Got my Y bike back when I got back to town on Tuesday, with a new Judy cartridge but a shattered Avocet 45. Oh well. Saturday I headed up to Mackay with Super Dave. We had his car crammed with stuff to stay over and camp after the race, and hopefully ride with Brooke the next day. It was nice and warm already when we got there, a couple hours before the traditional noon start.

We were to meet up with Jim Fraser, who is currently working in Salmon. And meet up we did, after parking in the campground near the finish we rode the three blocks over to main street to register/check in. Jim and I swapped bikes to ride over, and while he was standing there holding bikes as Dave and I were in line, the front tire on my bike blew. Pow. He got a new tube, and was pumping by the time we got out of line. Hmm. The tube had a slow leak, and I had just pumped it up after taking the bike off Dave's car to ride over.

Back to the cars, we got our shoes and stuff adjusted, then warmed up with a ride up the first mile of the course and took a right where it crosses on the way down to ride the finish area. Everything was pretty dry except the stream crossing. Starting to get really toasty out now.

Now we're waiting to start. Ron says there are over 560 riders, but he was hoping for over 600. Oh well. The various waves of riders in front of me start taking off. I've been back from sea level for four days, so I'm not expecting too much. I feel my front tire; Jim must not have put enough air in that new tube. I jack it up a bit with my little pump, but no time to get to my floor pump with a gauge.

Off we go. I sit on some big guy's wheel until the pavement ends - the only time I really get to draft, woo hoo. Then I drop him, attempting to maintain a maintainable pace up the hill. Passing a lot of slower people who started in front of us. And surprise, I'm not feeling all that great. Feeling a little slow. Midway up the hill, in a section of bumpy new trail, I stop to examine the cause of a noise. It looks suspiciously like a spoke wrapped around my cogs, but strangely enough it's not any of my spokes. They all seem to be present in their assigned locations. Oh well, back to the grind, pass the people who passed me while I was stopped playing with my bike, and I'm feeling a little better as I get further up the hill.

Time passes. Eventually I get to the top, and start cruising downhill on my nice cushy dual suspension bike. There are a couple really sandy sections. Not good. I come to the first creek crossing, and hammer through it. A little too enthusiastically, for a hundred feet later I get a SSS-Sss-sss from the front wheel. Yes, indeedy, time to practice my flat-fixing skills on the trail once more. Again hundreds of people fly by in the five minutes it takes to get going again, one of them the eventual winner of my class.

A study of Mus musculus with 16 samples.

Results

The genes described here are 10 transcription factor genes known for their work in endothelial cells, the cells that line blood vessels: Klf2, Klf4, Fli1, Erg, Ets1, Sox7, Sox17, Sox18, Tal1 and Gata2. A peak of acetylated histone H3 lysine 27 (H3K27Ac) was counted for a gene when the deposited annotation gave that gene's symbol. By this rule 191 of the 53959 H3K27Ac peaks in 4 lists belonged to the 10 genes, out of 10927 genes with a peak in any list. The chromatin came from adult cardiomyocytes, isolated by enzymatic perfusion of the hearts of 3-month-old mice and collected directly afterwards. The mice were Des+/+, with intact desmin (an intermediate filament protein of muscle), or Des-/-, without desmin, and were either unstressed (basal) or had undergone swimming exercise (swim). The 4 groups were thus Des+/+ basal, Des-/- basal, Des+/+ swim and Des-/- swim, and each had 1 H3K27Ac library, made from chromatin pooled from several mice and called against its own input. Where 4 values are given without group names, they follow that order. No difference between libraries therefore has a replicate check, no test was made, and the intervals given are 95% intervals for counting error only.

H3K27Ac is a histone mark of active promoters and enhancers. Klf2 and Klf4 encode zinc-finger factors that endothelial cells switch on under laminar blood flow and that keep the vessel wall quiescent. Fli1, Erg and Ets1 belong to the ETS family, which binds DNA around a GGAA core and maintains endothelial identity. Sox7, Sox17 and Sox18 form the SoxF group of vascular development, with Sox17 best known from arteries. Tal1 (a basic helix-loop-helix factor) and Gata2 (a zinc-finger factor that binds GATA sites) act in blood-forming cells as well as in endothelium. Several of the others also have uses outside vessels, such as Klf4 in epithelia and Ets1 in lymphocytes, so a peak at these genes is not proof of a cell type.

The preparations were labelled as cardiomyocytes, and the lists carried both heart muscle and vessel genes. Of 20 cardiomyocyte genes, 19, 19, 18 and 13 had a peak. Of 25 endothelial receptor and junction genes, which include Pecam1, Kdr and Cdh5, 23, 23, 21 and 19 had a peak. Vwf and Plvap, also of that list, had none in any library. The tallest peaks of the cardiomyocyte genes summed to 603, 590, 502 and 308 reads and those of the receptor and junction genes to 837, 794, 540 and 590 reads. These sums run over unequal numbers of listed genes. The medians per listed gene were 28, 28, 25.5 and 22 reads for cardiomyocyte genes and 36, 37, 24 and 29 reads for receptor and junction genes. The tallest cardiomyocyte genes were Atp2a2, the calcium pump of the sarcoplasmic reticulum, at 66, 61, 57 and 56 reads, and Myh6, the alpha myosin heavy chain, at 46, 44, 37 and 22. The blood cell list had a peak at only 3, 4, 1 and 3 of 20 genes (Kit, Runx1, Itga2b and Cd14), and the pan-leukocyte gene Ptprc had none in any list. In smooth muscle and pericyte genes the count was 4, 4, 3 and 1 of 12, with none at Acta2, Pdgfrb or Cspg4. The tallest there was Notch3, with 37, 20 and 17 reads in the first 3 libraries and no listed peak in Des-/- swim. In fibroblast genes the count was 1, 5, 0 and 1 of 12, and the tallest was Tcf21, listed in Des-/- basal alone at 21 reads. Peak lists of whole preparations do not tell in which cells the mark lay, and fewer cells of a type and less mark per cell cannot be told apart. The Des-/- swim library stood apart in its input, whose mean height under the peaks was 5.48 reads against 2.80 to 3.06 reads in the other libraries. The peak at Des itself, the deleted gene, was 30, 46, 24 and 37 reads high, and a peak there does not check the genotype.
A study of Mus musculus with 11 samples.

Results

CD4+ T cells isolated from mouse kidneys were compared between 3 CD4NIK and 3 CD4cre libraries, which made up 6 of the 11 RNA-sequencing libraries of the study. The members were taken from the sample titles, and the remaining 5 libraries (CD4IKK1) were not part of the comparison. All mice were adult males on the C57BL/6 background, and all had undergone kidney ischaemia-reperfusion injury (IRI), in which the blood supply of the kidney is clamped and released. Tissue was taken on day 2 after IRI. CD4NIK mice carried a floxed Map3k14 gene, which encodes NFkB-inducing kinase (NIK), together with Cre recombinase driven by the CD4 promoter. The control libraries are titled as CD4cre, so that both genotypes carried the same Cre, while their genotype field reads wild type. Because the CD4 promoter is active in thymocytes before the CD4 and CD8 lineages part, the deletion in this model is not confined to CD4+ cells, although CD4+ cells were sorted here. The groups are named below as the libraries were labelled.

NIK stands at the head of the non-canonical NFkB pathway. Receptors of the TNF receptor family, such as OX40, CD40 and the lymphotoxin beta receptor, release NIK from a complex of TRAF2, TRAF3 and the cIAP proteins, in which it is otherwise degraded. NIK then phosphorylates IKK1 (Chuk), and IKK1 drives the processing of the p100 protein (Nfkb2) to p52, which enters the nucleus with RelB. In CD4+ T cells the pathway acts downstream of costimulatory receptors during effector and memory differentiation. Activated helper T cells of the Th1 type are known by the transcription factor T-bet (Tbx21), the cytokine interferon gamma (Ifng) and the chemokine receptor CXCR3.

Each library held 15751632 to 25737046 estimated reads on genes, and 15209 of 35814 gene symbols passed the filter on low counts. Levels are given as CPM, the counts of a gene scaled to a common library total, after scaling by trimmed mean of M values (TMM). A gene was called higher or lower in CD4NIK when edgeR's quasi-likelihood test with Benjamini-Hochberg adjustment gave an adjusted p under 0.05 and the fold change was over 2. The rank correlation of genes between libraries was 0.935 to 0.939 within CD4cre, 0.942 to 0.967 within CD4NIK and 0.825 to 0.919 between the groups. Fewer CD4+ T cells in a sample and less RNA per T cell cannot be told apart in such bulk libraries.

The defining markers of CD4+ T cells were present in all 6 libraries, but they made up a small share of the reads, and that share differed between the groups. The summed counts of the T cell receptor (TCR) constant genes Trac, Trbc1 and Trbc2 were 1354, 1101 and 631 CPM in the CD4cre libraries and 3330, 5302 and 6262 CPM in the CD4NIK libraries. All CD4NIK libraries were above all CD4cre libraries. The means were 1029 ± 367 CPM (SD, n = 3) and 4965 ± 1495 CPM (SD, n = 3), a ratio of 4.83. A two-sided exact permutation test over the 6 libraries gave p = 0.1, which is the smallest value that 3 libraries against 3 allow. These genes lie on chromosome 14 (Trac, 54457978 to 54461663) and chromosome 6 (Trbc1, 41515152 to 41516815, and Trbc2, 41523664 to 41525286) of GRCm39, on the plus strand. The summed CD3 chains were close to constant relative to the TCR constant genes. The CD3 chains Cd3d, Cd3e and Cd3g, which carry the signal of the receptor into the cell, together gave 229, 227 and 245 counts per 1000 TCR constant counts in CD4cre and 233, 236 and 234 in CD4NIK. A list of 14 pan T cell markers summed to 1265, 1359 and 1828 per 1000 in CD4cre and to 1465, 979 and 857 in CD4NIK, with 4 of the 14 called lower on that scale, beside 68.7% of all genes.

But soon I am bopping down the mountain again, being careful as usual not to kill myself. This slows me down somewhat compared to most people who go flying by. Coming down to the more open section of the downhill, I see Super Dave stopped by what looks like a guy with a really dirty face and bandages around his neck. Faceplant. Ouch.

I finish the race without further incident in the light traffic remaining. My time is 1:45', quite a bit off the previous years' 1:30 even with the five minutes of flat-fixing. Well, that's what three weeks of low-altitude partying will do for you.

Super Dave coasts in. Literally; it seems that his Cannondale found a way to eat its rear derailleur, tearing it off at the mounting pivot without even the help of a protruding stick or rock. This happened right before he came upon the faceplant victim, so he had a good excuse to stop and use his ski-patrol first aid skills. The victim had a compound fracture of the mandible, lost a couple teeth, and lots of blood on his face from scalp wounds. He was briefly unconscious before Dave got there, but then was up and walking around. Dave and a pre-med settled him down and waited for the EMTs, who called in the chopper parked at the base of the hill.

With the race over, it was time to chow down on the barbeque. Which we did. I spotted Brooke wearing an official Atlanta 1996 volunteer hat. So I asked her where she got it, thinking there were only two such hats in the state (one was in my room at home, the other belongs to Lisa King, and Peter lost his in Atlanta). It turns out her mom worked in the Olympic Village, and had come up to watch little Brooke race, along with several dozen other family members. Not wanting to disappoint them, she just had to win, didn't she?

Waiting for awards, I gave out my Atlanta-was-fun-and-hot story to all my mountain-bike-race friends who hadn't already heard it. I managed to hold on to second place, for which I received some Specialized gloves. Which I actually like better than the ugly orange windbreaker that the winner got, so there.

But since Dave busted up his bike, there was no camping with Brooke for us, and we had to go home and take cold showers. It was still really hot, you see.